A Video of getting pickpocketed in Kathmandu June 4th 2013

Okay, well, not exactly.

Yesterday I attended Rato Mechhendranath, a festival of Patan, where I live. I took the BlackBerry and my wallet. I put both in my front pockets.

This festival, seven hundred years old, is the backdrop for one scene of my book, The Sacrament of the Goddess.

To make a long story short, this event draws a throng of people. Click here to see the video. while shooting this video, at about the 5:30 mark, there was a mad rush, in which I believe to be when the wallet disappeared. Both my hands were occupied in not dropping the video camera.

I have never felt unsafe in Kathmandu. I know that crime occurs, but for me I don’t go to bars, stay out late, consume alcohol, etc so it doesn’t really occur to me what target I am.  and this, for all the inconvenience, was not a violent crime.

I knew it within seconds. Gone. I went straight home and got on the laptop to report the stolen credit cards. there wasn’t that much cash in it.

Just a reminder that in Honolulu I play Mardi Gras every year and the first thing we do is remove our wallets, because when you are doing a street parade through a crowd, both hands are on your musical instrument. So, I know better.

Obviously, I was one of only a few videshis in the crowd of tens of thousands, an easy target.

Street Address not P.O. Box

My Hawaii driver’s license is useless in Nepal, so it was not in the wallet. My Starbucks Gold Card – ugh, that hurt, not that there is a Starbucks here. My AAA card for auto towing when needed – why did I leave that in there? the only true value was the credit card and the debit card. I had not used the debit card in one month. Got them both cancelled pronto.

So I wanted a replacement card. They can fedex me one in 48 hours. I would like that since I am going on The Road Trip sunday morning. One little glitch: they need a physical street address. For the Guest House? you’ve got to be kidding, even people who live here don’t know the street address. The Guest House is down some alleyways on the edge of Kumaripati.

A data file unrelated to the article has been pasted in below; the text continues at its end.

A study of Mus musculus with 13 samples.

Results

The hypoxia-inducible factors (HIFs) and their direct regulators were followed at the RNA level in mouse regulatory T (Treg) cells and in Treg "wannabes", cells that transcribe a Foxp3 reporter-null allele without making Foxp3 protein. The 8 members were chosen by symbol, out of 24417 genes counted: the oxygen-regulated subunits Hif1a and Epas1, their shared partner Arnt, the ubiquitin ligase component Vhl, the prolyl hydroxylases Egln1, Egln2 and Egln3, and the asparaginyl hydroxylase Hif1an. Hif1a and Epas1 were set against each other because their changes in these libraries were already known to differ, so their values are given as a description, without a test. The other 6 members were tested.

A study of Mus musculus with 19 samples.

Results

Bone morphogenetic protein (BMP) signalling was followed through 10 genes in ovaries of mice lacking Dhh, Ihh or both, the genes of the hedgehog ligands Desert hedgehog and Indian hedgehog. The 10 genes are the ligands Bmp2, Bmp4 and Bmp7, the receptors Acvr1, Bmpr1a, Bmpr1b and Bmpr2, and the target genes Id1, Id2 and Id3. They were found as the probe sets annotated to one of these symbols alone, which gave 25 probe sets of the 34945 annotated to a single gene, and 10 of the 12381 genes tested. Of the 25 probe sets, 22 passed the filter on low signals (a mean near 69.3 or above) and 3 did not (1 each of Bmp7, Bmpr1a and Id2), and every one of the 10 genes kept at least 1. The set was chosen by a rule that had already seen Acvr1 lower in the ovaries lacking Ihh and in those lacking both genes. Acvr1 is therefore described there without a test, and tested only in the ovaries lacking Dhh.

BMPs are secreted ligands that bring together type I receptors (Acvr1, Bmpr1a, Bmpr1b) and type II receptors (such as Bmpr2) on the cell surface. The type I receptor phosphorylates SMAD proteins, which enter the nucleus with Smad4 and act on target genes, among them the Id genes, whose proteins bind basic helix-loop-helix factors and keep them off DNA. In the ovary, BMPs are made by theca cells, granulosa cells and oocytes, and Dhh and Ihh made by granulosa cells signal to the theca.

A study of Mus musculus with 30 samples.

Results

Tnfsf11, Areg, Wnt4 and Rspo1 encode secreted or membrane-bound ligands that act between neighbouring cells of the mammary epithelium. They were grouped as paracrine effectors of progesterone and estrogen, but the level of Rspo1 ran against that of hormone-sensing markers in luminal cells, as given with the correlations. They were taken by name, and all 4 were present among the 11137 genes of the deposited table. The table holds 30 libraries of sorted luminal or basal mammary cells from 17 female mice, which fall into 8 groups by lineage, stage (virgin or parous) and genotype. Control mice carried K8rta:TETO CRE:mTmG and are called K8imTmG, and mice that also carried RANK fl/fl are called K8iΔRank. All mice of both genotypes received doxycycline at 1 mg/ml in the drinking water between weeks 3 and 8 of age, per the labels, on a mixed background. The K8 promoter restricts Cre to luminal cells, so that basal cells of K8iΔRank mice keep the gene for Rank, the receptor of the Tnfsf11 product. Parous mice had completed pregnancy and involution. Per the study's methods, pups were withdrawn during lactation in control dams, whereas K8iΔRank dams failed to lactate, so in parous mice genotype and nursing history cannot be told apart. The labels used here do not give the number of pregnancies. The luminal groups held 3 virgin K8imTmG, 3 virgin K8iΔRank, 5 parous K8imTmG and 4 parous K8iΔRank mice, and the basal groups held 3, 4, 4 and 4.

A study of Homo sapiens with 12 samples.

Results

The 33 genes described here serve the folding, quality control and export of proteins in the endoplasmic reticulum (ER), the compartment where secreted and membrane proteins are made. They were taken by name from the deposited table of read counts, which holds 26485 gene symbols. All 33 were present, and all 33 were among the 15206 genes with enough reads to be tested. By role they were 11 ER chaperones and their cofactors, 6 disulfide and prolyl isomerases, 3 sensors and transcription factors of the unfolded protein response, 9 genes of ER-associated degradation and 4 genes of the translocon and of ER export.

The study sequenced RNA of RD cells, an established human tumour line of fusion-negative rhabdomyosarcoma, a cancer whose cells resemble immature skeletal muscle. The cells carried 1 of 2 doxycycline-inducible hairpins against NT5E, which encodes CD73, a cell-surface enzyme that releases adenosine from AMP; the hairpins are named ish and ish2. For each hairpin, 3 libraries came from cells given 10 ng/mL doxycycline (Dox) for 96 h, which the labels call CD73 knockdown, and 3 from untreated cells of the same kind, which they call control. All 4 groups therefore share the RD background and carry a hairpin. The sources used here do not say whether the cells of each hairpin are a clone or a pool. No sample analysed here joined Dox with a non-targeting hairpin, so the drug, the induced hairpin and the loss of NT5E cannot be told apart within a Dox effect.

I sort of knew this, but there is no postal service here, and most companies and institutions use a P.O. Box.  I have sent out queries to friends from here asking them for advice. The US Embassy does not accept packages on behalf of private citizens.

Oh, and the teaching?

It’s been going great. Today we will finish the three-days course at Sumeru Hospital, we had 18 nurses in the class. I asked two of them to film short testimonials as to what they had learned, and posted them on YouTube. I also video’ed the Pinnacle Tech A.T. 35, our shiny simulator toy. In the video it is attached to a heart monitor, one of the ones from the hospital. Yes folks, I teach people to read the squiggly lines of a heart monitor and make some sense out of them, something I have taught people to do since 1980. this setup allows us to do “dynamic rhythm response” during each simulated scenario, enhancing the realism of the training.

Today after class I will go to the police and report the stolen wallet. Even if they were the best police force in the world, there is nothing they could do to retrieve it.




About Joe Niemczura, RN, MS

These blogs, and my books, and videos are written on the principle that any person embarking on something similar to what I do will gain more preparation than I first had, by reading them. I have fifteen years of USA nursing faculty background. Add to it fifteen more devoted to adult critical care. In Nepal, I started teaching critical care skills in 2011. I figure out what they need to know in a Nepali practice setting. Then I teach it in a culturally appropriate way so that the boots-on-the-ground people will use it. One theme of my work has been collective culture and how it manifests itself in anger. Because this was a problem I incorporated elements of "situational awareness" training from the beginning, in 2011.